Thomas Jefferson Papers

To Thomas Jefferson from Sarah Franklin Bache, 5 August 1801

From Sarah Franklin Bache

Settle August 5th. 1801


Knowing as I do the worth of the Person that will deliver you this, I cannot resist the impulse I feel in writing to you by him—

Mr Clay has been intimately known to this Family from an Infant and has invariably sustain’d the best Character. his intimacy with my Son Benjamin who had the highest opinion of his Integrity and who knew him thoroughly, taught us his Value—the knowledge of his being a Man of Genius, and always a firm Republican, must long ere this have reach’d you, he could I am sure have had a number of letters to you, but his modesty in this respect, I fear will stand in his way, as I know no person whose advancement would rejoice more true Americans, and all that know him say he has tallents to adorn any Situation—I shall not take up Your valuable time by apologies for this liberty, it will not I trust be thought too great a one from the daughter of a Man who had the highest Friendship for you—

I am with the greatest esteem & &c

Sarah Bache

RC (DNA: RG 59, LAR); endorsed by TJ as received 27 Aug. and so recorded in SJL with notation “Clay for office”; TJ canceled “Bache Sarah” and added “Clay Joseph” to the endorsement.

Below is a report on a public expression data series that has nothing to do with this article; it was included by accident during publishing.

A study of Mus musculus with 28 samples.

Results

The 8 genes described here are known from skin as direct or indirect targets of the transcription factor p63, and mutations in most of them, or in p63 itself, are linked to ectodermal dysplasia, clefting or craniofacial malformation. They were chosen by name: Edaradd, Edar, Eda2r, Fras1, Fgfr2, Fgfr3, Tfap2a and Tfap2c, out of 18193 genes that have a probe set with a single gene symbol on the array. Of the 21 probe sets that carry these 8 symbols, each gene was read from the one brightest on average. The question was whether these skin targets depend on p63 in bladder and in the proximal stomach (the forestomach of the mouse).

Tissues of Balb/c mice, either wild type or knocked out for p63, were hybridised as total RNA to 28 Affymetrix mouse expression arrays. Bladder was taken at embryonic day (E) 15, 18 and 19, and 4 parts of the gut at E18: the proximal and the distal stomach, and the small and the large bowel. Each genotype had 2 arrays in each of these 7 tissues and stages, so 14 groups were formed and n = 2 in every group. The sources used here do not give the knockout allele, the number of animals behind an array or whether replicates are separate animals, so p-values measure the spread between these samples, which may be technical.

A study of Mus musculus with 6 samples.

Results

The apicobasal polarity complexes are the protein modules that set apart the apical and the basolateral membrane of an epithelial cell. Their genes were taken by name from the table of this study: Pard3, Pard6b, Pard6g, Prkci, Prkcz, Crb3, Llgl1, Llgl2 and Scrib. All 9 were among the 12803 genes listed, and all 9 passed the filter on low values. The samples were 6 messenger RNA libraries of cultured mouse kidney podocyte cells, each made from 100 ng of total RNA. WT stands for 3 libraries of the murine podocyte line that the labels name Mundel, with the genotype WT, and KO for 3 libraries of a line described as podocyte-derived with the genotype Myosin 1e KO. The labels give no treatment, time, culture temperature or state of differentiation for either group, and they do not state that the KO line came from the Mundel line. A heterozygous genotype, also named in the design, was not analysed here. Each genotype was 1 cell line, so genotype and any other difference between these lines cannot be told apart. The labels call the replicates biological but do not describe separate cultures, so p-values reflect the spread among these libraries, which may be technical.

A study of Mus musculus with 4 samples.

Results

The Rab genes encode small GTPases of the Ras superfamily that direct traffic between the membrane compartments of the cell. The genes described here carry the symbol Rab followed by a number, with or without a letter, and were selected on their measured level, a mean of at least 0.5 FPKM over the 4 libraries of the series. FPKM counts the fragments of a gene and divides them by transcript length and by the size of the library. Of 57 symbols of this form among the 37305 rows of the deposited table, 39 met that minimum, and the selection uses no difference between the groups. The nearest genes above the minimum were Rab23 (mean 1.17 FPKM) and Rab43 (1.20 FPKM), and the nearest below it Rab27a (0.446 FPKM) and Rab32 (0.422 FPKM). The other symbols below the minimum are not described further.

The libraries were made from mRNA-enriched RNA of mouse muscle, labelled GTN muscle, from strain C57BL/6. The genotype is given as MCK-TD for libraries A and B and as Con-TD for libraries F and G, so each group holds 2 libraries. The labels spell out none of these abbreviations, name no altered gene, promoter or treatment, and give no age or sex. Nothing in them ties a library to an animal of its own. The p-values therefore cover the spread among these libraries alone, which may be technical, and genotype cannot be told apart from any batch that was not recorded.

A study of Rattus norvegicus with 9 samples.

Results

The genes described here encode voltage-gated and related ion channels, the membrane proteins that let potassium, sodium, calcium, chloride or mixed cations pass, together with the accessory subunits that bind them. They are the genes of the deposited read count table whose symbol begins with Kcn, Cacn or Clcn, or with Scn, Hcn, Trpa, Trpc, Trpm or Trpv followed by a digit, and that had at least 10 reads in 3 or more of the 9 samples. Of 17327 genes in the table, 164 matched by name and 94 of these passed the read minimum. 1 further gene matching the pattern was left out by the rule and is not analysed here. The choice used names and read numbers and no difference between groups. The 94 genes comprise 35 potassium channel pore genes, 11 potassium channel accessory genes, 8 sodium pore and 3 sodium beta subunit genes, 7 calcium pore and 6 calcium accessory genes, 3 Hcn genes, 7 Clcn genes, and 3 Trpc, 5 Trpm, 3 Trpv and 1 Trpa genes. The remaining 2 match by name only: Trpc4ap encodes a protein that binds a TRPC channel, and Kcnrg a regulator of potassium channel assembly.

Sarah Franklin Bache (1743–1808) was the only daughter of Benjamin Franklin and Deborah Read Franklin. A committed Whig, she followed Pennsylvania politics and during the American Revolution became active in the Ladies Association of Philadelphia, enthusiastically supporting its relief efforts for American troops. In 1794 her large family moved from Philadelphia to a farm on the Delaware River named “Settle” (ANB description begins John A. Garraty and Mark C. Carnes, eds., American National Biography, New York and Oxford, 1999, 24 vols. description ends ; Vol. 31:246n).

Philadelphia native Joseph Clay was the executor of the estate of Benjamin Franklin Bache. In May, Clay had joined William Duane, Thomas Cooper, and other Philadelphia Republicans in recommending William Henderson for the post of naval officer (Richard N. Rosenfeld, American Aurora: A Democratic Republican Returns [New York, 1997], 231; Vol. 30:567n; Thomas Cooper and Others to TJ, 23 May 1801).